January 26, 2013

Come Look for a Blossom

We are having mild days here while much of the country suffers ice and snow. February freezes are inevitable. Cold wind will blow in from the North soon while we are enjoying what feels like spring.

During the day, a ventilating fan keeps the temperature tolerable for plants.
Cool season veggies just hang out on Ike's porch.

Tomatoes are growing toward the back. We need to look more closely.
I love my patchwork pattern in the center floor. Found it in the New
York Times; it was a driveway there. Urban stone, sideways brick and
river stones in the seams. I've started dropping blue glass gems in the cracks.

Forced hyacinths. The pots with three bulbs hold 'Gypsy Queen'

'Blue Jacket' almost ready to bloom for Chinese New Year.

Almost ready to eat! I wasn't sure I could pull this off without blossom rot.

The second tomato plant has a single fruit and some blooms.
We need a few nights at 55º F to set fruit.
White pots behind have Gerbera Daisy seedlings and a
daylily seedling extra. Two in one takes less space.

Thyme cuttings. I almost let all my Thyme die, so we're starting over.

 Brugmansia cuttings think Spring is at hand. I have shoots at the base of those outside. The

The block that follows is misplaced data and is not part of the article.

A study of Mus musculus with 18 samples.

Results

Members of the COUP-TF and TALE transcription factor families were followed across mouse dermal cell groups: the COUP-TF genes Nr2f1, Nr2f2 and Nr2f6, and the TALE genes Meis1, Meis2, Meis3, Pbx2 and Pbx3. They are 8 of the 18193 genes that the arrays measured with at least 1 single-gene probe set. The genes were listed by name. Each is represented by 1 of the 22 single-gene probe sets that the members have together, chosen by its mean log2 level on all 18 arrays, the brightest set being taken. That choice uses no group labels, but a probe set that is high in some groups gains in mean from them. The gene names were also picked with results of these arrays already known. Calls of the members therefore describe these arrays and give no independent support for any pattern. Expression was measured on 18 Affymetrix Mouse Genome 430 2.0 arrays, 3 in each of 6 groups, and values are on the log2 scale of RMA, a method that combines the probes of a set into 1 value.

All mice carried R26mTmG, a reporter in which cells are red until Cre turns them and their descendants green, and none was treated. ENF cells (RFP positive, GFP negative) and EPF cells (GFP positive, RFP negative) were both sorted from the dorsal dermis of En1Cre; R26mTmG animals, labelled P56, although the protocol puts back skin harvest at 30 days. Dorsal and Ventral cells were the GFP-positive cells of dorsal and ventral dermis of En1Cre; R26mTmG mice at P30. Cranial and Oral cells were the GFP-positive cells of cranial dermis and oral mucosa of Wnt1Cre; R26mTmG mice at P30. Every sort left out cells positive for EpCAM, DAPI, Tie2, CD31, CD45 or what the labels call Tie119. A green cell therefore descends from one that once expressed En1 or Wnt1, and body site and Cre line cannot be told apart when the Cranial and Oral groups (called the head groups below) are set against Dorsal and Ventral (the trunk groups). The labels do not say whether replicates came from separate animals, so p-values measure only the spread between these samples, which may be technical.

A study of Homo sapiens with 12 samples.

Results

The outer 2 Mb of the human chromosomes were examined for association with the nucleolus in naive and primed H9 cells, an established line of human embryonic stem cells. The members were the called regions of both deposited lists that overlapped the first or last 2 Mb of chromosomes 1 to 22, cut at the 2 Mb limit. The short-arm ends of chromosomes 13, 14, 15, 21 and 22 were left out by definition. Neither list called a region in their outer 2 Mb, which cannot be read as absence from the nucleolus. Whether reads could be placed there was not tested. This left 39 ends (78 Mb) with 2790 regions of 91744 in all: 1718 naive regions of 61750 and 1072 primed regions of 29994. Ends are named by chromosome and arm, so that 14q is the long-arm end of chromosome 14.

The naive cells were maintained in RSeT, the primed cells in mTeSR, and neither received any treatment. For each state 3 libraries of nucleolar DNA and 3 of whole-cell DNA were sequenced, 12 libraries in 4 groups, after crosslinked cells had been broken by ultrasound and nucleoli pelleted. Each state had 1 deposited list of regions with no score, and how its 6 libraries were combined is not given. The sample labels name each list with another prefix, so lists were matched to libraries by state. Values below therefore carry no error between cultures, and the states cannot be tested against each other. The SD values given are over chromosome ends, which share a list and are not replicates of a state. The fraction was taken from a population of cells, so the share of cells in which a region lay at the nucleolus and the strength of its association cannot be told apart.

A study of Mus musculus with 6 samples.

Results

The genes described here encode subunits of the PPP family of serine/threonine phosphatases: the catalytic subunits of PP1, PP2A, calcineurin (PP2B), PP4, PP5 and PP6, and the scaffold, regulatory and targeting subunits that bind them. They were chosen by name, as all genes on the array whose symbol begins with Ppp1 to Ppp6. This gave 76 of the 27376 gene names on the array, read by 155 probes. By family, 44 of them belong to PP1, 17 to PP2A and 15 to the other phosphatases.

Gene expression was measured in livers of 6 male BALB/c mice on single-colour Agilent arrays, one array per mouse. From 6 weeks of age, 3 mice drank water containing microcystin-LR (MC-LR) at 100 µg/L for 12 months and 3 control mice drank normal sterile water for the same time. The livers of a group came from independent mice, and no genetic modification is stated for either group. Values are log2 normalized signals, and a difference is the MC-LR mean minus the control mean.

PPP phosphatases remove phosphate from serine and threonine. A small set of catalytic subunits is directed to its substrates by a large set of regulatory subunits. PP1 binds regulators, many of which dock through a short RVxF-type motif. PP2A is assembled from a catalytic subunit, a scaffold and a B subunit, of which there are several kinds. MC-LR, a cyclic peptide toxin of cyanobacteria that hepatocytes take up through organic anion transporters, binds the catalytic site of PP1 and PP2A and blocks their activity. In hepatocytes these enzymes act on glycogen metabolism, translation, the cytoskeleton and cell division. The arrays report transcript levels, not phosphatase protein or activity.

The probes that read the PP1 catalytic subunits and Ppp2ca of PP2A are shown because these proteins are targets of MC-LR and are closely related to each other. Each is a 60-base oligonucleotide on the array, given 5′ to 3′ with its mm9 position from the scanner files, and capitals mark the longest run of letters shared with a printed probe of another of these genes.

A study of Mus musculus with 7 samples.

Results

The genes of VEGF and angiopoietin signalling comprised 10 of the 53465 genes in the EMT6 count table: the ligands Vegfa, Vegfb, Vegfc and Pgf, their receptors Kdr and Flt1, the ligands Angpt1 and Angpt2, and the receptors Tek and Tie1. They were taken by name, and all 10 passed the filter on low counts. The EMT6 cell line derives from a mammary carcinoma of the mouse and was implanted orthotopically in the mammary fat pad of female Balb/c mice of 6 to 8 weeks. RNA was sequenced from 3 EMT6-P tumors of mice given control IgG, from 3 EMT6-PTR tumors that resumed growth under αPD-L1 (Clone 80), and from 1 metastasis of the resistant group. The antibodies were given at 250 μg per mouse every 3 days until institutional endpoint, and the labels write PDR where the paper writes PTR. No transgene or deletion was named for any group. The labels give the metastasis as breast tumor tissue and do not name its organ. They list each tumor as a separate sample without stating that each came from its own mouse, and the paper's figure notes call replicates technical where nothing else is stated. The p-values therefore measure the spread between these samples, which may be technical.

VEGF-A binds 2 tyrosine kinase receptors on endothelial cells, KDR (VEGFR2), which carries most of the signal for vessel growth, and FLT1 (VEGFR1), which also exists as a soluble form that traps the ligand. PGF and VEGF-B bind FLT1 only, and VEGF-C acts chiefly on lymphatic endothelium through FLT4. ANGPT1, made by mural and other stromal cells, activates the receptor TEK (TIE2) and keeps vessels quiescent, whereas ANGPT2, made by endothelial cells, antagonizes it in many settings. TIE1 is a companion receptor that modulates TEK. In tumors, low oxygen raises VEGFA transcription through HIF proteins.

next freeze will take those away, I believe.

Second bloom stalk on 'Nymph' Amaryllis; Begonias behind.
I hope you enjoyed this little peek at my plants.


donna said...

It feels so good to visit your greenhouse. Hard for me to imagine having this much gardening going on in January.

Corner Gardener Sue said...

I am with Donna. The plants in there are doing so well! I love all the blooms on the begonias. I'm glad you pointed out your good looking floor and the blue stones. Enjoy that tomato!

Margaret T. said...

Your hyacinths are coming along great! Just put frozen daffs in my big greenhouse to thaw them out and to force them.

Andrea said...

You have a lot going on in there, in your small 'conservatory'. And they look to have been receiving real tender loving care! I envy your hyacinths because we can't grow them in the hot tropics.